Deficient social problem-solving in boys with ODD/CD, with ADHD, and with both disorders.

Journal of the American Academy of Child and Adolescent Psychiatry

PubMedID: 10087693

Matthys W, Cuperus JM, van Engeland H. Deficient social problem-solving in boys with ODD/CD, with ADHD, and with both disorders. J Am Acad Child Adolesc Psychiatry. 1999;38(3):311-21.
OBJECTIVE
To study social problem-solving skills in psychiatrically defined aggressive boys, starting from Dodge's social information-processing model.

METHOD
Videotaped stimuli of problematic social situations and questions were presented to elicit responses that indicate boys' social problem-solving skills (encoding and interpretation of social cues, generation of possible responses, evaluation of responses, self-efficacy evaluation, and response selection). Boys aged 7 to 12 years with oppositional defiant or conduct disorder (ODD/CD) (n = 48), attention-deficit hyperactivity disorder (ADHD) (n = 27), and both disorders (ODD/CD + ADHD) (n = 29) were involved as well as a normal control group (n = 37) and a psychiatric control group with internalizing disorders (n = 23).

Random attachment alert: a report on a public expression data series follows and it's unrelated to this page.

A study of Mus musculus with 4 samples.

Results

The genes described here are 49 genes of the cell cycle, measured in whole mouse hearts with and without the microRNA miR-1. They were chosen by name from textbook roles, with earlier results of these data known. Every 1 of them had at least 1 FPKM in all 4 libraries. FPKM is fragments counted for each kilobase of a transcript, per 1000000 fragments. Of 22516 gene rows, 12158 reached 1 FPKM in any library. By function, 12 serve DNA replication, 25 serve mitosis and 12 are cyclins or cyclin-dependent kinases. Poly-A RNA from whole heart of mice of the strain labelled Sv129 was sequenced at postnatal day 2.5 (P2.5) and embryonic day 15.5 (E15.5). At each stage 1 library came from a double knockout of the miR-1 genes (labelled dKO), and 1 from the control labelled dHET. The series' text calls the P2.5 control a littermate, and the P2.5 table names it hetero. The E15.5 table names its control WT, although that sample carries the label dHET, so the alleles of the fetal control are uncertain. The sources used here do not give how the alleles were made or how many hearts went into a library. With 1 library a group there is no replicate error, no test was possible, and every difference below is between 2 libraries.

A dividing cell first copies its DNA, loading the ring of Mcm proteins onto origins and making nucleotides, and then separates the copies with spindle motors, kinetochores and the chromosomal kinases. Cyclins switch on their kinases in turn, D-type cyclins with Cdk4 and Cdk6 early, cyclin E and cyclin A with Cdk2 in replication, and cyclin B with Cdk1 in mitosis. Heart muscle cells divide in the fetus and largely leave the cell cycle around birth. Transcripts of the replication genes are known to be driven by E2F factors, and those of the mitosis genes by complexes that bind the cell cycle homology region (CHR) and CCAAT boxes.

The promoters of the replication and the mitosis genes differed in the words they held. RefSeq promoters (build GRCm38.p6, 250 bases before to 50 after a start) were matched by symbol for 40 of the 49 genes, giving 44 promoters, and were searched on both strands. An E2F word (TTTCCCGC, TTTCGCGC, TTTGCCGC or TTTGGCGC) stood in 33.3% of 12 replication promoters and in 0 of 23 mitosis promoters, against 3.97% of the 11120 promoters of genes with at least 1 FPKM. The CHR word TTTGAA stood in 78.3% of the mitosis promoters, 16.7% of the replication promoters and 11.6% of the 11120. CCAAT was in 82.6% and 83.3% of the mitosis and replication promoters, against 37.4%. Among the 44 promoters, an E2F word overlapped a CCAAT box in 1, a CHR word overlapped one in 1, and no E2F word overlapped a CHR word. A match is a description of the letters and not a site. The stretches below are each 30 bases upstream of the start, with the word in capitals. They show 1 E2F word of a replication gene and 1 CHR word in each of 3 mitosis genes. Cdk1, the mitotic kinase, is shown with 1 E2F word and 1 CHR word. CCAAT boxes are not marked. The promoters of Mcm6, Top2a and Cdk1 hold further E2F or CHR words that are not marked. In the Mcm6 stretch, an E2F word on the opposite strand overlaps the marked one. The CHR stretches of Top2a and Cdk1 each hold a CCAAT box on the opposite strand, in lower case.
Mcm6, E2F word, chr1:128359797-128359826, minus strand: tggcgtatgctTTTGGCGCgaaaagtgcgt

RESULTS
When compared with normal controls, boys with ADHD, with ODD/CD, and with ODD/CD + ADHD encoded fewer social cues and generated fewer responses. Boys with ODD/CD and with ODD/CD + ADHD moreover were more confident in their ability to enact an aggressive response than normal controls. When ODD/CD boys and ODD/CD + ADHD boys were given the opportunity to select a response from various types of responses shown, they selected an aggressive response more often than normal controls. Thus, in ADHD boys social problem-solving was affected only in encoding and in the generation of responses, whereas in ODD/CD and ODD/CD + ADHD boys social problem-solving was affected throughout the process.

CONCLUSION
For the further study of social problem-solving in aggressive children, it is essential to differentiate between children with ADHD and children with ODD/CD and ODD/CD + ADHD.